The news outlets Current Time and Siren have learned of new cases of the Russian government violating the basic rights of citizens who refuse to fight in the war in Ukraine.
Current Time recently reported the story of two men from the Moscow region — Alexey Arsyutin and Andrey Marchuk — who received draft orders in late September. After reporting to their assigned military commissariats as required by law, they were sent to the nearby town of Naro-Fominsk, then to Russia's Belgorod region, which neighbors Ukraine. From there, without receiving any training, the conscripts were sent to the town of Svatove in Ukraine’s Luhansk region.
In Svatove, the two men and their fellow draftees were sent to the front line and ordered to dig trenches. They soon came under artillery fire. Arsyutin and Marchuk claim they stayed in their positions for three days with no food or water; by their account, their command left them with nothing but their weapons. As a result, they decided to retreat.
After that, Current Time reported, the conscripts’ relatives complained enough to draw the Russian military leadership’s attention to what had happened — and the men were taken back to Russia in Kamaz trucks.
“As soon as they arrived at the military base in Belgorod, the intense pressure began. They were called [...] every [derogatory] word possible. By the commanding staff. Because they retreated. Because they were supposed to go back to the front line like cannon fodder,” said Ekaterina Belova, Alexey Arsyutin’s sister.
When the officers realized they would not be able to pressure the men to go back to the front, they sent them back to the Luhansk region. The men’s relatives didn’t learn about this until a week later.
“My brother contacted us and said that they were in a basement in [the village of] Zaitseve. They were held there for days. They were read orders to confirm on video that they were refusing to participate in the ‘special military operation.’ Now the guys are being threatened with this video, that you didn’t follow this order. As my brother said, when he was in Zaitseve, there were 250 people there. They're prisoners, plain and simple. Russian captivity,” said Ekaterina Belova.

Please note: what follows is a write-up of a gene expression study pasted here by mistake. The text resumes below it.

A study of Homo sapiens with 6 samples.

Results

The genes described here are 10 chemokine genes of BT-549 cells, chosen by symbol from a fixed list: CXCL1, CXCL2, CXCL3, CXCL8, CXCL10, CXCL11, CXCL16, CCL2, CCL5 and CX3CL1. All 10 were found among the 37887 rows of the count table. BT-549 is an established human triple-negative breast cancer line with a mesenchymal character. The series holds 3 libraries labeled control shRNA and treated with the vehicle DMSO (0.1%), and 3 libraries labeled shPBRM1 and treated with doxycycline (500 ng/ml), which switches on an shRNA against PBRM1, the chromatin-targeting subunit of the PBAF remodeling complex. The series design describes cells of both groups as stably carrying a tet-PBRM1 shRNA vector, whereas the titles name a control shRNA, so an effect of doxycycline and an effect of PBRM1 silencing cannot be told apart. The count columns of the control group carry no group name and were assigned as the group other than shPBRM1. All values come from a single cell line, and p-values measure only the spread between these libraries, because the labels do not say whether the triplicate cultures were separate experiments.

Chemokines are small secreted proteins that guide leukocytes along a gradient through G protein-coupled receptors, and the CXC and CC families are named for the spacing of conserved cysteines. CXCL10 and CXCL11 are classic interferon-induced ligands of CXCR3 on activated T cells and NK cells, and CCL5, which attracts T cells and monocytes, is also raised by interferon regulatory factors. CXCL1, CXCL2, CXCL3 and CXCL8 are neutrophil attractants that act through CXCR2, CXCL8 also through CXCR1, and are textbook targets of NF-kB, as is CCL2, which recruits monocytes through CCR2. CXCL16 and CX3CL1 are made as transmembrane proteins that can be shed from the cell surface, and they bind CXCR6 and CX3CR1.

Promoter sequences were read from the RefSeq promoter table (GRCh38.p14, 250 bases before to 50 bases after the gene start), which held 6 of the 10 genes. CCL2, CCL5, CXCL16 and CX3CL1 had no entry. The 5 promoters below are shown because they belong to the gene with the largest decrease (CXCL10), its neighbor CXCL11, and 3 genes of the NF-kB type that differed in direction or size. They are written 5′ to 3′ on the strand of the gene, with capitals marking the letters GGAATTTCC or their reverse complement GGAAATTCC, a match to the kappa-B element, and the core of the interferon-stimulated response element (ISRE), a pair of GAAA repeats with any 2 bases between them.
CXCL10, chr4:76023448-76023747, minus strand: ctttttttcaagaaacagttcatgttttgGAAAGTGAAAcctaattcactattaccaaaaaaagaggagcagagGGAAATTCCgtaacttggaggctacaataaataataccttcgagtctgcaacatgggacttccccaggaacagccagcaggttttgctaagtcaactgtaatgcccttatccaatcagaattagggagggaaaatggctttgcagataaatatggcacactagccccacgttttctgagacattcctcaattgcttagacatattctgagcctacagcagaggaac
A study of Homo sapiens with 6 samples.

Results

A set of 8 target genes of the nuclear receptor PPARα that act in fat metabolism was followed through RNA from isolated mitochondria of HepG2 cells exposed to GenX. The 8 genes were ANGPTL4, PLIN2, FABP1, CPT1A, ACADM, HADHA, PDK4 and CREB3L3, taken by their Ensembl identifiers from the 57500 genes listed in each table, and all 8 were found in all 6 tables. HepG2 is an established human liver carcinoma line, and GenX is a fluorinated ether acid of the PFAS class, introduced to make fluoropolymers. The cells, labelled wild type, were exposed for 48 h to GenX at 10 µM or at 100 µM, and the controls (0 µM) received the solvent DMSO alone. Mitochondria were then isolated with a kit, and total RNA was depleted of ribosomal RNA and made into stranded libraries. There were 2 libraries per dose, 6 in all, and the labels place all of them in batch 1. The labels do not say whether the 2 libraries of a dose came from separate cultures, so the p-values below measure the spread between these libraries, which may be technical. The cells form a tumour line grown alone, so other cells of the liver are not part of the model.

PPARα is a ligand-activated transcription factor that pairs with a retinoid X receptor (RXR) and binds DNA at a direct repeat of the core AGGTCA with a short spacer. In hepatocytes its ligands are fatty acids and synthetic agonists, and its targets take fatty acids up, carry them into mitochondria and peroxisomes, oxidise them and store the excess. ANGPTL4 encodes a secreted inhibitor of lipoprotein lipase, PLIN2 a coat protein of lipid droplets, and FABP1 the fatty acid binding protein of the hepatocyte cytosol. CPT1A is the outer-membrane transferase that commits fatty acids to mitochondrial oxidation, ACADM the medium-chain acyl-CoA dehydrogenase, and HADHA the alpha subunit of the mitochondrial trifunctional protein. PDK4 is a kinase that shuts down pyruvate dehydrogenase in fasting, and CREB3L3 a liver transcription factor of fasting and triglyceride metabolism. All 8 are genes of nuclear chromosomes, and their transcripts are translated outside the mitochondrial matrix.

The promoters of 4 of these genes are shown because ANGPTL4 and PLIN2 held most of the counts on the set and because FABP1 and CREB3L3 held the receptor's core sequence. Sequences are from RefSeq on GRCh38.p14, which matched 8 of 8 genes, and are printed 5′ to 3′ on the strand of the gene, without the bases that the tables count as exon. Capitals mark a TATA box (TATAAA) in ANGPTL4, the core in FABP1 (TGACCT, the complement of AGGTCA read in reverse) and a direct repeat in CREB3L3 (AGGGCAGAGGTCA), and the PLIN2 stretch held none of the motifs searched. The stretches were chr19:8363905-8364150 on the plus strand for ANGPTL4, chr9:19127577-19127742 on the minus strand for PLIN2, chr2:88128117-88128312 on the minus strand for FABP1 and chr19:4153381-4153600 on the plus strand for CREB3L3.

Andrey Marchuk managed to call his mother to tell her what happened: “In Zaitseve. Luhansk region. Troitske district. They took them to a hole there. There were no amenities in the hole. A lot of guys there, they said, who don’t want to fight. Refusers. They pressured them and pressured them, they’re not signing anything. They don’t want to fight. What is there to fight for, and with who?” said Marchuk’s mother, summarizing what her son told her.
Marchuk’s and Arsyutin’s relatives told Current Time that conscripts from a wide variety of divisions were brought to Zaitseve and held there while officers relentlessly pressured them to return to the front line. Eventually, they said, Marchuk and Arsyutin managed to return to the rear, but they were then sent to the Russian Investigative Committee.
The outlet Siren reported a similar story about conscripts from Russia’s Kursk region who were also sent to the front line before retreating. The wife of one of the soldiers told journalists that the men were subsequently sent to the village of Holubivka in the Luhansk region, where they’re currently being held in a basement that contains 38 people. “They’re asking for help. It’s awful there — there are sick and wounded guys in there. It’s nothing short of a prison,” she said.
According to Siren, the wives of some of the draftees are fighting to free their husbands from the basement where they’re being held. Initially, the women went to the military base in the Belgorod region, where they were told that their husbands were not assigned to the corresponding unit. After that, the women traveled to the city of Starobilsk in Ukraine’s Luhansk region. There, they were able to meet with some of the conscripts, though many are still in Holubivka. The women plan to take the issue to the Russia’s Military Prosecutor’s Office.